Archive for April, 2008

How many jobs can one button have

Saturday, April 5th, 2008

Sometimes it makes a lot of sense for a button to do more than one thing. An on/off button turns a device on if it is off, and turns it off if it is on. Obviously there is no need to have both possibilities available at the same time. The on/off button is a toggle button. A ‘select screen’ button could allow the user to iterate through each available screen, so each press of the button brings the user to a different screen on a GUI. When the last screen is reached, pressing the button again brings you back to the first screen.

An idempotent operation is one which has the property that if the operation is repeated then the result is the same. Pressing the number 1 button on my car radio is idempotent. Pressing it once brings me to channel 1. Pressing it again will bring me to channel 1 again, which changes nothing ( we will ignore the fact that some radios might change to channel 11). So idempotence is almost the opposite property to that of a multifunction button.

So when do multifunction buttons get us into trouble. Let’s look at a few specific examples. Many slide projectors have bulbs that take several seconds to warm up. If you turn the projector on, and then look at the screen, you may wonder if the device has turned on – maybe you did not press the on/off key hard enough. A natural reaction is to press the button again. If the on/off key is a toggle (i.e. a multifunction button), you have now turned off the projector, and will possibly start to think that the device is not working.

If this projector had a separate on and off key, then the on key would be idempotent and pressing it a second time would have no effect.

The stereo in my bedroom has a ‘function’ key which changes mode from FM tuner to CD player to tape deck and to Auxiliary input. Each time the button is pressed the small dark LCD displays the name of the current function. Unless you remember the order of the functions, you will not know what function you are about to get when you press this button. That is not a big deal, since you can press the button until you arrive at the function that you want. If the user presses the button once too often, and they go past the desired function then they have to go all the way around again. This is annoying, but is not the crux of the problem that we want to address here.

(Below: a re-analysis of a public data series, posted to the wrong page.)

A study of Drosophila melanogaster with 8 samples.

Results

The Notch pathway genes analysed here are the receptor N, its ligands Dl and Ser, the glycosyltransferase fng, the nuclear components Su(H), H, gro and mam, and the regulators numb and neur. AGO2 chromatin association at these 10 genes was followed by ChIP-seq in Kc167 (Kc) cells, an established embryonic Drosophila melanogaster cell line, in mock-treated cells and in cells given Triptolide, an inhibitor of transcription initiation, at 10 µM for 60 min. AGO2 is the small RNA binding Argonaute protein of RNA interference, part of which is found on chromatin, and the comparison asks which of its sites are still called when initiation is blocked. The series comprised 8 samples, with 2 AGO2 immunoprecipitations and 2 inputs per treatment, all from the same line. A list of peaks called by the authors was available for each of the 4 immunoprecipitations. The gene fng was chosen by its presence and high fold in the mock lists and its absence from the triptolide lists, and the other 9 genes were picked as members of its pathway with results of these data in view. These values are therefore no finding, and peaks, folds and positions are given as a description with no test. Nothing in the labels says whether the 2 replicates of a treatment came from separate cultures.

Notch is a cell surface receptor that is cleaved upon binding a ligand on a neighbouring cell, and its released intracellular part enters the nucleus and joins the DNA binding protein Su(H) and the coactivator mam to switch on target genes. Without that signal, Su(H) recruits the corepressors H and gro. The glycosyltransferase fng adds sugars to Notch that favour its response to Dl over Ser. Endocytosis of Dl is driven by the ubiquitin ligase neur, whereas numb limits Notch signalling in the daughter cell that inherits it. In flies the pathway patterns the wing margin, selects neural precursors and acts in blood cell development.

Consider the case where you can not see the LCD – it might be at a bad viewing angle from your armchair, or you may be listening to music in the dark. Now there is no reliable way of selecting the function. You could press the button and then listen, and hearing a talk-show host would obviously mean that you were at the FM tuner function, but that is not very satisfactory. Had the designers placed one button per function on the remote control then each of those buttons would have been idempotent and the user would have had a quicker, more reliable interface.

My cordless phone has a toggle button which allows it to go on-hook or off-hook. Such a simple toggle should cause little confusion, but it does. When I pick the phone up I often think “well I have picked the phone up, so I just have to talk, since that is how I answer a corded phone”. On this phone the call has not been answered by lifting it from its cradle – the on-hook/off-hook state is controlled only from the toggle button. Since this differs from the majority of old-fashioned corded phones, I pause to remember that I have to press the button. During that pause I think to myself “if the phone is off-hook now, then pressing the button will hang up, and I lose the call, and probably cause marital strife”. So I wait for the phone to give another ring before I am sure that it is on-hook before pressing the button. A good interface should not leave me so hesitant to press a button. Two separate idempotent on-hook and off-hook buttons would resolve this – many phone code these keys as red and green. With a dedicated off-hook button, I could press it, and if I was already off hook then no harm would occur.

Multi-function and toggle buttons do save space, but be aware of the drawbacks, and sometimes the right call is to use several buttons instead.